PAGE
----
Bring back the handshake

30 November 2009

1 December 2009 | Paul Snell in Boston, USA

Buyers should be more concerned with building trust with suppliers than relying on provisions in their contracts.

John Campi, founder and managing partner at consultancy Genesis Management, said at the Aberdeen summit that as the importance of supply chain collaboration increases, informal trust between supply chain partners will be crucial.

Drawing on the work of academics Elinor Ostrom and Oliver Williamson, the 2009 Nobel laureates for economics, Campi said: “A contractual agreement can never be complete, there are always contingencies. How many of you believe your contracts are boilerplate – absolutely locked so nobody can get out of it?

“If you believe that, you haven’t cut a contract in China, or Eastern Europe, and I would argue that this country and our profession put more weight on the contractual agreement than we should. I don’t care how good your lawyers are, you will never get the language so good you won’t have issues.”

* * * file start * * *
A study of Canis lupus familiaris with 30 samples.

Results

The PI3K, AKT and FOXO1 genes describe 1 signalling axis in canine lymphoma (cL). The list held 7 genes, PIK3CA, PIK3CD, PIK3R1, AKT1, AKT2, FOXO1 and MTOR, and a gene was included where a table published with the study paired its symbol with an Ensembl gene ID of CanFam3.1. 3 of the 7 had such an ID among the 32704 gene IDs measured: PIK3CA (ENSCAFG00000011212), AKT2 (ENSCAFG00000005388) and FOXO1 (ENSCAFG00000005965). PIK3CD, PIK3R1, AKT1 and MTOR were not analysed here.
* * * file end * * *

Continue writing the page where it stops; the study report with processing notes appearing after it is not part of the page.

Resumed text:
Campi, a former CPO of Chrysler and retailer The Home Depot, said the behavioural change required would be “difficult to swallow” for many purchasers, but they should think of it as going “back to the future”.

“How did people make agreements to buy and sell stuff 100 years ago? – the handshake,” he told delegates. “When there is integrity and trust it doesn’t matter what the contract says. What matters is the concern for the success of the supply chain – your customer, your supplier are part of that concern.”